Jackson still undecided on trip to Afghanistan
WASHINGTON (CNN) -- The Rev. Jesse Jackson maintained Thursday afternoon that he has not made a decision regarding an invitation by the Taliban government to come to Afghanistan to negotiate a peace deal.
Jackson said there are two separate issues to consider -- the Taliban's request for his diplomatic intervention and the detainment of eight Christians in Afghanistan. "We have committed to help in any way to help gain their release," said Jackson.
But a senior Bush administration official has said a visit by Jackson would not be "helpful." Jackson avoided answering whether he would go to the country in defiance of the White House, saying only, "They have not done that, and they will not."
The father of a U.S. aid worker being held by the Taliban also is asking for Jackson's help. And Jackson said he is considering another request from parents of two Christian aid workers to help secure their daughters' release, along with six other detained Western aid workers held by the Taliban.
A senior Bush administration official said such a trip would not win White House support.
"His heart is in the right place, but we need to be honest with him," the official said. "This would not be helpful. It would not be a good development for him to step onto the field right now. ... We will try through diplomatic means today to try to discourage him from doing so. Our fear is it could do potential damage to some of the pieces we have so carefully put in place here."
Jackson told CNN that his actions were "not in defiance of our government."
"When this call came, I immediately called Secretary of State (Colin) Powell. I called Dr. Condoleezza Rice," Jackson said. "If we are able to appeal to the Taliban to choose ... the world court and to release (Osama) bin Laden, rather than seeing more innocent people killed, that must be seen as a good thing."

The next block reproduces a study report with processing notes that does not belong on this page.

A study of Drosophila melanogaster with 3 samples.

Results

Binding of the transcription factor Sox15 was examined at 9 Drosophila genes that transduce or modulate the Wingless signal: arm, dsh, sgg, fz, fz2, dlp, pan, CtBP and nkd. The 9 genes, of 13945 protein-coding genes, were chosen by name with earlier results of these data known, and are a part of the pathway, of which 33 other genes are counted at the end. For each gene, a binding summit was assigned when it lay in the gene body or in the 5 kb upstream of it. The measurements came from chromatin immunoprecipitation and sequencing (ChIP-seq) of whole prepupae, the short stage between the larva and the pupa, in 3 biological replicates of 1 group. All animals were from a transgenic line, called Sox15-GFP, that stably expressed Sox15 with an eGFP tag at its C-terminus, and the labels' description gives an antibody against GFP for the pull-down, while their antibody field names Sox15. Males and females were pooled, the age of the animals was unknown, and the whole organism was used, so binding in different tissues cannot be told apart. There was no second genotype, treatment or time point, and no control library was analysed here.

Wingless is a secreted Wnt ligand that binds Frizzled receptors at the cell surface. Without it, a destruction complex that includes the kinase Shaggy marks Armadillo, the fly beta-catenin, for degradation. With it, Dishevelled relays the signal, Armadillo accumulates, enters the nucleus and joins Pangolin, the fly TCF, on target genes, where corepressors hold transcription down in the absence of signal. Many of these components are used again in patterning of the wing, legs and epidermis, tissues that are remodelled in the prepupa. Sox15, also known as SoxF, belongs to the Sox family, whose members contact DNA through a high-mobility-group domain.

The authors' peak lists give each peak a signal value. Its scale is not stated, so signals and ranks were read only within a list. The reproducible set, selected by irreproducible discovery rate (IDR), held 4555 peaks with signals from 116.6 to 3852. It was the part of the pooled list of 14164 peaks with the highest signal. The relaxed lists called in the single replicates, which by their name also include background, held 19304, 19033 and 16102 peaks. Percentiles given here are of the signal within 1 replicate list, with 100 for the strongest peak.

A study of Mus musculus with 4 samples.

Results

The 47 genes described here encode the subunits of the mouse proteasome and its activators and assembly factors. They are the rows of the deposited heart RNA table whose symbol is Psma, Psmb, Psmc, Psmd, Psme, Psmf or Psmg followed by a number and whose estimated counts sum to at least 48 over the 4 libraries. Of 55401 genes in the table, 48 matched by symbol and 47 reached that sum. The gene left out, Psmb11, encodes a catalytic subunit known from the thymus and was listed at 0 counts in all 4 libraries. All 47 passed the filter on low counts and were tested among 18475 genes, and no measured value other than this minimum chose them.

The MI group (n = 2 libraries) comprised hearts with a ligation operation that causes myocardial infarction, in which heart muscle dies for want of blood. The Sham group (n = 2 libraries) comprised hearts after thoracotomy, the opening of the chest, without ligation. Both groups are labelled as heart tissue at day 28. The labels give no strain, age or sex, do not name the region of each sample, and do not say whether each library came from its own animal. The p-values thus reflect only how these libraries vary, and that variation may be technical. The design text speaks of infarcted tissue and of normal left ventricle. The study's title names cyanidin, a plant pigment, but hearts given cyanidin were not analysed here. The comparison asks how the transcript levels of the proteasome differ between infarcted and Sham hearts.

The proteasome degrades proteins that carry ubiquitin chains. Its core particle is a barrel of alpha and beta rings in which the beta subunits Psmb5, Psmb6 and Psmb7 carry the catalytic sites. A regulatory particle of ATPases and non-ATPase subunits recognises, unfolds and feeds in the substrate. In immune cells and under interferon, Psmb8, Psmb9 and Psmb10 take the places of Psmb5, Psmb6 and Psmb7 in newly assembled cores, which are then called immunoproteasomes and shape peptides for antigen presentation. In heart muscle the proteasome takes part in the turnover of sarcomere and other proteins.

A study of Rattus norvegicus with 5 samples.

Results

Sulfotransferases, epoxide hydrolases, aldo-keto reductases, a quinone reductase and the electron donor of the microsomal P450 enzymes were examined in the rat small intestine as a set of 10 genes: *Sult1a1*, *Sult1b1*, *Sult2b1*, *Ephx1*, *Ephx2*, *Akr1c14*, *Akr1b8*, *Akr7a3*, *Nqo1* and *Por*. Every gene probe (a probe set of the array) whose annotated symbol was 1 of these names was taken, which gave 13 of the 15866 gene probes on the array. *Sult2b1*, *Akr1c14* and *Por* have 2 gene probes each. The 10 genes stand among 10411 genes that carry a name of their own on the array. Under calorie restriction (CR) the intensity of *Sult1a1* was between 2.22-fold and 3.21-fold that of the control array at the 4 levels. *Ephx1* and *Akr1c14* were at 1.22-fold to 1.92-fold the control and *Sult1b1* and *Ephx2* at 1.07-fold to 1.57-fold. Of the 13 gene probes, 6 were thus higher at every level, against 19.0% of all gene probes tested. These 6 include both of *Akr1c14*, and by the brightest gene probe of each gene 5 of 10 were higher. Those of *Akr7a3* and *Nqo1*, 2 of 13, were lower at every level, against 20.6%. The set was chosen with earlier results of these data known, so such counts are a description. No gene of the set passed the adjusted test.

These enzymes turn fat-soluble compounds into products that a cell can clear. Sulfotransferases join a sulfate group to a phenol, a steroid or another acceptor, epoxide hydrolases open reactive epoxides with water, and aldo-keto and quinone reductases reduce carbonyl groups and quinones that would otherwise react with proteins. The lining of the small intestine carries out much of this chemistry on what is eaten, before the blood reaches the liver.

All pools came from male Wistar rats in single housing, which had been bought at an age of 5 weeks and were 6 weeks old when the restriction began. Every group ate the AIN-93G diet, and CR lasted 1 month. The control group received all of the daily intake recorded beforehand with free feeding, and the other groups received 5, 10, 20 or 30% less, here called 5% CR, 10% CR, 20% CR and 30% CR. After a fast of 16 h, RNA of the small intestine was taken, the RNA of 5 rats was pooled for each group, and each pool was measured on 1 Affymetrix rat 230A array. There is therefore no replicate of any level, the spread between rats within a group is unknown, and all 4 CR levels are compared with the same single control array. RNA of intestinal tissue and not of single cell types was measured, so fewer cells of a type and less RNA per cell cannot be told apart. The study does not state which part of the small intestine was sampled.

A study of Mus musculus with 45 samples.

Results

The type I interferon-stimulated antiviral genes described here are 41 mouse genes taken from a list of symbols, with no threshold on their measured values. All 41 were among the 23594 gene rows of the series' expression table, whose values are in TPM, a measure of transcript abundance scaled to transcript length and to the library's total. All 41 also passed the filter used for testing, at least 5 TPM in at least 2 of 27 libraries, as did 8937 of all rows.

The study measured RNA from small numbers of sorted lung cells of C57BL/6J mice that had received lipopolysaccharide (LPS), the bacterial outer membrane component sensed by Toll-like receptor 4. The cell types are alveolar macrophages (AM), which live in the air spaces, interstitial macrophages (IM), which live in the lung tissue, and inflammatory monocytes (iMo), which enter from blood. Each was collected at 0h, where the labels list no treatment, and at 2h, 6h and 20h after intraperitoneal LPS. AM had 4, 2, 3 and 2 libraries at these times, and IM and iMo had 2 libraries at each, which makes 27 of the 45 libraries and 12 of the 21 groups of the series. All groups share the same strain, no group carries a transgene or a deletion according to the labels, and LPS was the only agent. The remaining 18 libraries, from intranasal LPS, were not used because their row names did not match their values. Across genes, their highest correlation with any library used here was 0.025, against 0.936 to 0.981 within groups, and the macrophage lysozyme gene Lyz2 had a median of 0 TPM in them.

The United States is preparing possible military operations against Afghanistan because the Taliban have refused to hand over accused terrorist bin Laden, whom President Bush has called the prime suspect in the September 11 attacks against the United States.
'Peace is difficult'
Jackson also said he has not made a travel decision, noting that he has a right to go to Pakistan. The U.S. civil rights leader was given the invitation by a Taliban representative.
"We would like to see this situation resolved in a way that preserves the dignity and integrity of all sides," said the invitation, which was released by Jackson's Rainbow/PUSH Coalition.
"War and bloodshed are easy, but peace is difficult. We welcome any delegation that comes to us in the interest of resolving this matter and avoiding a humanitarian catastrophe that would befall the people of Afghanistan as a result of military strikes."
John Mercer, whose 24-year-old daughter is in Taliban custody, asked for Jackson's help in securing her release.
"I would like the Rev. Jackson to do whatever he can to effect a humanitarian release of all eight detainees currently in Kabul," Mercer told CNN from Islamabad, Pakistan. "I am here as Heather's father. Heather's mother is here, the mother of Dayna Curry is here, and we are seeking any approach that might be effective in seeking her release."
In 1999, Jackson met with then-Yugoslav President Slobodan Milosevic to discuss the release of three captured U.S. soldiers. They were freed days later.
He also secured the release of captured Navy Lt. Robert Goodman from Syria in 1984 as well as the release of 48 Cuban and Cuban-American prisoners in 1987. He was the first American to bring hostages out of Kuwait and Iraq in 1990.